Bank lending to businesses set to improve in UK

Bank lending to businesses is set to rise for the first time in four years with risk appetite picking up, which comes as a potential lifeline to smaller firms and the UK's growth prospects, according to experts.

Although lending was down 5 per cent last year, to the lowest level since 2006, the outlook over the next two years, according to accountancy Ernst & Young seems to be brighter.

According to the firm's projections bank lending would grow by 3.5 per cent to £440 billion this year, and 8.5 per cent to £477 billion in 2014.

Andy Baldwin, head of financial services at Ernst & Young, said in recent months much of the media and political attention had focused around banking competition on the high street, and even though the talk was all about the continuing problems in the sector, behind the scenes banking fundamentals had quietly improved, and banks now were in a better position to be able to provide funds to the wider economy.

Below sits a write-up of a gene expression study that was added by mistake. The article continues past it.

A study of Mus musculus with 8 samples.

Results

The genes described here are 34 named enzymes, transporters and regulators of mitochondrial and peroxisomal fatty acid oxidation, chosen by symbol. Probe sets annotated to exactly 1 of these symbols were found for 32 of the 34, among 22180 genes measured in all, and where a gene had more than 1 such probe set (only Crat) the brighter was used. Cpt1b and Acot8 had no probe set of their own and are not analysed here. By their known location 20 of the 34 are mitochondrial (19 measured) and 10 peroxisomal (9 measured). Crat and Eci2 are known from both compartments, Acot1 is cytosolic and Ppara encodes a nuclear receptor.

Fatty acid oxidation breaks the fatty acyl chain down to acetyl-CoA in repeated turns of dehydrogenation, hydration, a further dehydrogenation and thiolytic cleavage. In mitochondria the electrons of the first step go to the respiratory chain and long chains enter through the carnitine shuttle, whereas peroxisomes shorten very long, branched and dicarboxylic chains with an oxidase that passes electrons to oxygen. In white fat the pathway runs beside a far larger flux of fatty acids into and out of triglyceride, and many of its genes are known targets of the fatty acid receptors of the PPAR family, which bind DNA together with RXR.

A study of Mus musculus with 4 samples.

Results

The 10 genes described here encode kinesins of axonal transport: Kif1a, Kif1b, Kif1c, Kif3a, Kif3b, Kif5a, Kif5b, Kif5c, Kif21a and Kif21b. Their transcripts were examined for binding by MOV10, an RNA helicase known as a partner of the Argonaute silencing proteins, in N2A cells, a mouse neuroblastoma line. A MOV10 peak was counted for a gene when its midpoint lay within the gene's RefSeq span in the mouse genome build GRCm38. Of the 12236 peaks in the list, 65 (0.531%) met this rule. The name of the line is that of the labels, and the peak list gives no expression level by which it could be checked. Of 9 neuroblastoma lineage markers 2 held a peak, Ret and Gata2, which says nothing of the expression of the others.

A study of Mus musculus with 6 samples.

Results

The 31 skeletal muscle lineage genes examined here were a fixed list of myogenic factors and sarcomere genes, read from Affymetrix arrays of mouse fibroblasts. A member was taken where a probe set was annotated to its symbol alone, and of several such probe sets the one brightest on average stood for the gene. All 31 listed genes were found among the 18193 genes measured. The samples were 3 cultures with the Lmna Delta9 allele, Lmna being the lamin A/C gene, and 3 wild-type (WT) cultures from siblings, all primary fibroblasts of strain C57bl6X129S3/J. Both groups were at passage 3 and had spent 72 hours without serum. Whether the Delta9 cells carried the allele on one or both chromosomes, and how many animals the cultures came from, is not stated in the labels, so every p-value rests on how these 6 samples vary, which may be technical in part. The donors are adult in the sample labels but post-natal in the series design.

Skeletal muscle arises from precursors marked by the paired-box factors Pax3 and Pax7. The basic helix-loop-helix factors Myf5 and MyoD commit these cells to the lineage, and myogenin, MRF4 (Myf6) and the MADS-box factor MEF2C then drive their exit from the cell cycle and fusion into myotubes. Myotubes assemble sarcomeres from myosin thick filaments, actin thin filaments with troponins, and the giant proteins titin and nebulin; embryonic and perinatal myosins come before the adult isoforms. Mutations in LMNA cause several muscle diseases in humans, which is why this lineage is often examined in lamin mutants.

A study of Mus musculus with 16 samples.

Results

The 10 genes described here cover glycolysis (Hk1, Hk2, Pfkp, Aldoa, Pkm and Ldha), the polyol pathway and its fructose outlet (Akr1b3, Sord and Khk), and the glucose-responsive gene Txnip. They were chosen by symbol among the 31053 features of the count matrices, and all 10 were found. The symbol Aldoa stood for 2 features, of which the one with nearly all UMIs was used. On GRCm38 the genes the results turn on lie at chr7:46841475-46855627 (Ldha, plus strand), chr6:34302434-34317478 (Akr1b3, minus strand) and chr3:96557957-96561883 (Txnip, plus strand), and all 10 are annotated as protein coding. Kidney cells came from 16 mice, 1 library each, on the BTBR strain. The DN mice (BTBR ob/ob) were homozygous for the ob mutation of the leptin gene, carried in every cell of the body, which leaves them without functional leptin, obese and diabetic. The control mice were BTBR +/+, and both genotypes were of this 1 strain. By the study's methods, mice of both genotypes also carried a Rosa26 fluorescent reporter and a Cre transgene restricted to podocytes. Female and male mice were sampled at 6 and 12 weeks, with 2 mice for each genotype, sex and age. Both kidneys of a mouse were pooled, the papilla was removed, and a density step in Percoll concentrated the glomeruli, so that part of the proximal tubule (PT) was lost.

He added, the consultancy's analysis suggested the main drivers of banks' return to lending would be better access to wholesale funding and a decrease in non-performing loans, rather than the Funding for Lending scheme making a material difference.

Meanwhile, European shares were up today as investors looked to central banks pumping money in  the euro zone and the US to offset the risk of further disappointing global economic data. Commodities though continued to remain under pressure.

The common currency, down around 1.3 per cent against the dollar last week as some traders factored in a possible interest rate cut, also rose higher on expectations that the European Central Bank would not push for more drastic action when it met this week.

The strong sentiment also received a boost from the  formation of a new government in Italy over the weekend, ending two months of political stalemate, which saw Milan's main stock index, the FTSE MIB gain over 1 per cent in early trade.

The broad FTSE Eurofirst index of top European shares rose 0.4 per cent, adding to a gain of 3.7 per cent gain last week, while Germany's DAX stood  0.6 per cent higher and France's CAC 40 was 1.0 percent higher.

Activity across the markets, though was expected to be light with Japan closed for a holiday, China off until Thursday, and the ECB and with US Federal Reserve to meet later this week.

Speculation though is rife that the ECB would cut its main interest rate at its monthly policy meeting on Thursday, in the backdrop of weak economic data across the region.